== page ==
It's really amazing. After writing for a long time and facing rejections and near misses, it's hard to believe it's real until the book is actually in your hands. But now it's here, it's on my shelf, and it's the first thing I see in the morning! I have Gwen Millward to thank for how amazing it looks and Quarto for producing such a beautiful, sparkly book.
How long have you been writing for and what do you love to write?
I have been writing since my daughter was around one, so ten years. It started as a hobby, then I started taking it more and more seriously, joining a critique group, entering competitions and getting an agent.
I have always loved writing rhyme and silly, cheeky stories but I also love nature and history. Darwin's Super-Pooping Worm Spectacular was the first narrative non-fiction I had written.
Your picture book is an account of Darwin’s fascination with earthworms. What inspired you to write about his research?
Two people: my mum and my daughter. My daughter is really into nature, particularly snails and worms, so my mum bought her a membership to the Earthworm Society. My mum also told me about Darwin's book on Earthworms. I tried to find a children's version for my daughter but there wasn't one. So I decided to read Darwin's book myself and was hooked straight away. I was taken by how perfect it was for a picture book and was surprised nobody had done it before.
Tell us a bit about your book’s journey to publication with Quarto. What was the time frame between you writing the story and its release?
I wrote my first draft in 2019 and my wonderful critters (thank you, Tracy!) gave me lots of useful feedback. In November 2020 I booked a one to one session with an editor, through 'I Am In Print' (who provide great opportunities for authors). I met Lucy Brownridge from Quarto, who liked my story and asked for some changes. I did two edits with the help of my agent, Emily, and I signed the contract in Oct 2021. Lucy had illustrator, Gwen Millward, in mind and I was thrilled when she able to join us. One year later (5th Jan 2023) the book was published! So, it took three and a half years in total!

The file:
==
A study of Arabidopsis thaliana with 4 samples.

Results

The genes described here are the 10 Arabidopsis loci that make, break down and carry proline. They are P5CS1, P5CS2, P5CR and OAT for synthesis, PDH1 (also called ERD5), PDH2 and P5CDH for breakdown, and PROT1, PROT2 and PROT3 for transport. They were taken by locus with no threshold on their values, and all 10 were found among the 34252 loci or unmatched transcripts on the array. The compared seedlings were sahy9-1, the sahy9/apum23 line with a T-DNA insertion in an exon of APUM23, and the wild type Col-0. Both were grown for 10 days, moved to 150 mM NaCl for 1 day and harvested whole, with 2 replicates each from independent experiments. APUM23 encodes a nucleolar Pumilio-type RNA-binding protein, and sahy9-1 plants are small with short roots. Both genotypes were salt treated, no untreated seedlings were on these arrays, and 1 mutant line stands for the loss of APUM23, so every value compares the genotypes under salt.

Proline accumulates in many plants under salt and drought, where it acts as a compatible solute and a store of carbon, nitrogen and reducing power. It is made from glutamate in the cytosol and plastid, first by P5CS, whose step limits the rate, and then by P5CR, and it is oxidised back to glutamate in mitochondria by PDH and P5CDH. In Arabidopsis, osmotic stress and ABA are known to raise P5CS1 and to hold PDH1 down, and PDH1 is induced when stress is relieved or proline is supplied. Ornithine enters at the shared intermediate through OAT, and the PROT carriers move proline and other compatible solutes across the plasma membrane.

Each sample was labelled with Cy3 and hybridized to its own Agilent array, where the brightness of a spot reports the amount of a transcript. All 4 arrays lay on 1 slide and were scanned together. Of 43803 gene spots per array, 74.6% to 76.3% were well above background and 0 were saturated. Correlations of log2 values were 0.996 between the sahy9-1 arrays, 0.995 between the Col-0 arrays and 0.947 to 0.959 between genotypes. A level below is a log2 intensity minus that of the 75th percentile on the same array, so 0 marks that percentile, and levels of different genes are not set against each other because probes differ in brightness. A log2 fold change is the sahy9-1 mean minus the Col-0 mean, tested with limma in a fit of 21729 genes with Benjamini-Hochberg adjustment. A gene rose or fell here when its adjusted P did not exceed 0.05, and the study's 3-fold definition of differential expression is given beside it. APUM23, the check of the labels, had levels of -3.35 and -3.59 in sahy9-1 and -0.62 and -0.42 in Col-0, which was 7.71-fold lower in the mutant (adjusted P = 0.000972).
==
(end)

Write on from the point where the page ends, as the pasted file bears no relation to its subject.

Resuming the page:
Aside from loving reading about poop, what would you like young readers to take away from the book?
There are a few things. Firstly, the importance of earthworms to our planet. How they make our soil rich and nutritious and help our plants and food to grow. Secondly, that Darwin didn't just study exotic animals, he had a real passion for earthworms, which is often forgotten. I would also like it to inspire children to follow their passions, however quirky. Darwin was mocked for his study of earthworms but his groundbreaking discoveries only happened because he wasn't discouraged.
What are you working on now? Would you like to write more non-fiction?
I would love to write a follow up to this book and more non-fiction, but I'll always love writing in rhyme. I have a few stories on the go at the moment!
Do you have any advice for aspiring writers out there?
Everything I can think of has been said before, but it's just write what you love. Entertain yourself. You can keep one eye on the market for niches or something unique, even if it's a unique take on something old. But you have to enjoy doing it. I would keep writing forever, published or not!
The other piece of advice is, most of my luck has happened when meeting people directly, so if you can afford a festival or a one to one, you may increase your chances of selling a book, or at the very least, getting some great feedback.
And for feedback all year round, definitely join a critique group. I would never have persisted without the support and encouragement of my wonderful critting friends.
Thanks Polly and best of luck with Darwin’s Super-Pooping Worm Spectacular!
Darwin's Super-Pooping Worm Spectacular is released in the UK today, Thursday 5th January. Why not check out this competition run by Quarto publishing for a chance to win a Worm Explorer Activity Kit and a copy of the book for your school. (Also open to home educators.)